The Bluest Eye, by Toni Morrison, tells the sordid story of Pecola, a young colored girl, as she struggles to attain beauty, desperately praying for blue eyes. Depicting the fallacies in the storybook family, Morrison weaves the histories of the many colored town folk into the true definition of a family. Through intense metaphor and emotion, the ugliness of racial tension overcomes the search for beauty and in turn the search for love.
Pecola, a twelve year old from a broken home, is first introduced when she is sent to live with Claudia (the narrator) and her family. Her father, Cholly Breedlove, a drunk, has burnt down the family’s home and is now in jail. Here we see Pecola’s want for beauty and her obsession with Shirley Temple and blonde haired, blue-eyed baby dolls as a common desire of young black females. This want for beauty is really a yearning for love, the love and adoration they see attributed to the living “dolls.”
[I wanted] to discover what eluded me: the secret of the magic they weaved on others. What made people look at them and say “Awwwww,” but not for me? The eye slide of black women as they passed them on the street, and the possessive gentleness of their touch as they handled them (15).
The children, so used to being beaten or whipped, have memories only of this treatment. They have never felt the warmth or love that they believe the white children receive. This pain turns them to believe that it is because of their color, their dark skin, dark eyes, and “woolly” hair, that they are not seen as being beautiful, and from these thoughts they begin to hate the beauty of the white children. Living in fear of her parents, Pecola becomes introverted and learns as many of the other children to deal with the pain. “[Mama’s song] left me with the conviction that pain was not only endurable, it was sweet” (18).
An undertone of sexual fantasies and discovery is present throughout the novel, as many of the characters have been products of loveless relationships. The men especially seek passion in the young girls, leading eventually to the confrontation between Pecola and Cholly, during which he rapes and impregnates her still developing body. It is after this immoral act that Pecola seeks Soaphead Church for the answer to her prayers.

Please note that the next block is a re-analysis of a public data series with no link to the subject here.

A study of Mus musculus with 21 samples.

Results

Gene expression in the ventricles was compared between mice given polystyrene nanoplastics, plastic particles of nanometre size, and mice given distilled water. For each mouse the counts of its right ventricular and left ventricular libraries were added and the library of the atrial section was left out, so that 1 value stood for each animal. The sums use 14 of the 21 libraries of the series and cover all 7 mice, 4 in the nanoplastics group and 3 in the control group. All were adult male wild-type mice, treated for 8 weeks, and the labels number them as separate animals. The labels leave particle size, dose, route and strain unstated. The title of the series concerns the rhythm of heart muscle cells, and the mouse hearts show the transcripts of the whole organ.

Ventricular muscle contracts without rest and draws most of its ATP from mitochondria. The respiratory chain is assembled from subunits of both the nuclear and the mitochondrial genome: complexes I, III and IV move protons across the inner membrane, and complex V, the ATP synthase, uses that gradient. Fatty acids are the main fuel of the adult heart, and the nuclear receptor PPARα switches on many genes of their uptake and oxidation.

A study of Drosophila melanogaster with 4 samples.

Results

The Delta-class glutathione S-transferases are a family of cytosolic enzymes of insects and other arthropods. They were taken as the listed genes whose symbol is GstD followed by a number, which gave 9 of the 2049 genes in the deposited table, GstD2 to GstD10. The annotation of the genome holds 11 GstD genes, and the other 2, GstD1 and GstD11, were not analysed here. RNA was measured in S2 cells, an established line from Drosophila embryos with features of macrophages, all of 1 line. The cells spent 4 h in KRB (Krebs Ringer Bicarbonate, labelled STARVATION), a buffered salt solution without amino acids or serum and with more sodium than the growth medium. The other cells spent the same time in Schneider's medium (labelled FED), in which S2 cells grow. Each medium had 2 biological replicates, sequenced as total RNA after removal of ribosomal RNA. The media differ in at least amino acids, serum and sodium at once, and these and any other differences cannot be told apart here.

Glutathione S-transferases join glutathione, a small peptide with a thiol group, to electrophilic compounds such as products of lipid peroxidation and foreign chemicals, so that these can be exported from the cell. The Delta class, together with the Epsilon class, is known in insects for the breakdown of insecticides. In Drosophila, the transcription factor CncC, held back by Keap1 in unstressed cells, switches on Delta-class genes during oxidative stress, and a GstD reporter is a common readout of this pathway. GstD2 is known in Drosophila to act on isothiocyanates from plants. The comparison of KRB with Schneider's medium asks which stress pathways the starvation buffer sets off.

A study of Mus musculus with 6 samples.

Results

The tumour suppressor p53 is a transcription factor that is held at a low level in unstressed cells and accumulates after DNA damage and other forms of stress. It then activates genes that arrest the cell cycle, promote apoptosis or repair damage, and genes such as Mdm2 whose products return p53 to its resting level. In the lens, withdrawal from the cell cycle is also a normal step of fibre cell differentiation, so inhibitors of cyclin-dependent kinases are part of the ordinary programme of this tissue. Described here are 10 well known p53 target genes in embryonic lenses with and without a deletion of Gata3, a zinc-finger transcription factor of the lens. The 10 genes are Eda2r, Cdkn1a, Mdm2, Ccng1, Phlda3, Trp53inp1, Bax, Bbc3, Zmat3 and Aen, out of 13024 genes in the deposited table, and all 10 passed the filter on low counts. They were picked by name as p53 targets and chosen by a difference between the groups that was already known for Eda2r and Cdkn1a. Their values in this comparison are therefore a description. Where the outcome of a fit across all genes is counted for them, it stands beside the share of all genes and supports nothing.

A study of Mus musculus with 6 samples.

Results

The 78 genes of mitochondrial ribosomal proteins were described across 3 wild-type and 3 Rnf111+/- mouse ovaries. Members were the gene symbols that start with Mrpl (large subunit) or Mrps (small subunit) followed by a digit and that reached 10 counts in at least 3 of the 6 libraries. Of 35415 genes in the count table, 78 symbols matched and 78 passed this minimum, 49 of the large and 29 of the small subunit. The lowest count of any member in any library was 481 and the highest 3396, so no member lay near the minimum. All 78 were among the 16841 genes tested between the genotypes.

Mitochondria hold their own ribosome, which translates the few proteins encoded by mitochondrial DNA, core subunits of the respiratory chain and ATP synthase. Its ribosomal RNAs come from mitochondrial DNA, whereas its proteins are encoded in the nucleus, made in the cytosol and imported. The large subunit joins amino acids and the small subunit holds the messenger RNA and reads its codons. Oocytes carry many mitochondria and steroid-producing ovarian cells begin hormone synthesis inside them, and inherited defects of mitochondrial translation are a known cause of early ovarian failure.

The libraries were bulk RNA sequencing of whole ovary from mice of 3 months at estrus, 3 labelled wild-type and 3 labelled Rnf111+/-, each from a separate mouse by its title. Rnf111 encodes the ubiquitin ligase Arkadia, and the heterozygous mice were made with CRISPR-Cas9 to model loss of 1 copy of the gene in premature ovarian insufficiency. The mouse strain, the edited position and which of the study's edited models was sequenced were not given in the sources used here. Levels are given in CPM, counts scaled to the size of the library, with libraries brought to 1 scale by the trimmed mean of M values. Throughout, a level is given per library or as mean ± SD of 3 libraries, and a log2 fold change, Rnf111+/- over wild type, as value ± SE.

Ophelia as a Foil to Shakespeare’s Hamlet
Ophelia as a Foil to Hamlet
In Shakespeare’s tragedy, Hamlet, the audience finds a docile, manipulated, scolded, victimized young lady named Ophelia. Ophelia is a foil to Hamlet. Plays have foils to help the audience better understand the more important characters in the play. The character of Ophelia is necessary so that the audience will give Hamlet a chance to get over his madness and follow his heart.
Similarities are an important part of being a foil. One similarity that Hamlet and Ophelia share are that they both are children of controlling parents. [SV – 1] Hamlet’s father, who is murdered, comes back as a ghost to tell him who his murderer is. This news is his father’s way of controlling him from the grave. Hamlet’s mother and stepfather are also controlling him by persuading Hamlet not to go to Wittenburg. Ophelia is also controlled by her father. She tells him how Hamlet has tried many times to express his affections for her. Ophelia’s father does not believe Hamlet is sincere and orders her to stay away from him. Ophelia obeys her father’s wishes. Women were expected to do as they were told and believed what they were told to be true.
Another similarity between Hamlet and Ophelia is the feelings they have for each other. In the beginning of the play, we are led to believe that Hamlet loves Ophelia. This frightens Ophelia, but that does not mean she does not have feelings for him also. It is her father who encourages her to suppress any feelings she may have then. Later in the play Ophelia confesses her love for Hamlet, and he then hides his feelings and denies that he loved her. He suggests that she go to a nunnery. This makes Ophelia feel worthless and not wanted.
Works Cited and Consulted:
Pennington, Michael. “Ophelia: Madness Her Only Safe Haven.” Readings on Hamlet. Ed. Don Nardo. San Diego: Greenhaven Press, 1999. Rpt. of “Hamlet”: A User’s Guide. New York: Limelight Editions, 1996.
Pitt, Angela. “Women in Shakespeare’s Tragedies.” Readings on The Tragedies. Ed. Clarice Swisher. San Diego: Greenhaven Press, 1996. Reprint of Shakespeare’s Women. N.p.: n.p., 1981.
Shakespeare, William. The Tragedy of Hamlet, Prince of Denmark. Massachusetts Institute of Technology. 1995. http://www.chemicool.com/Shakespeare/hamlet/full.html No line nos.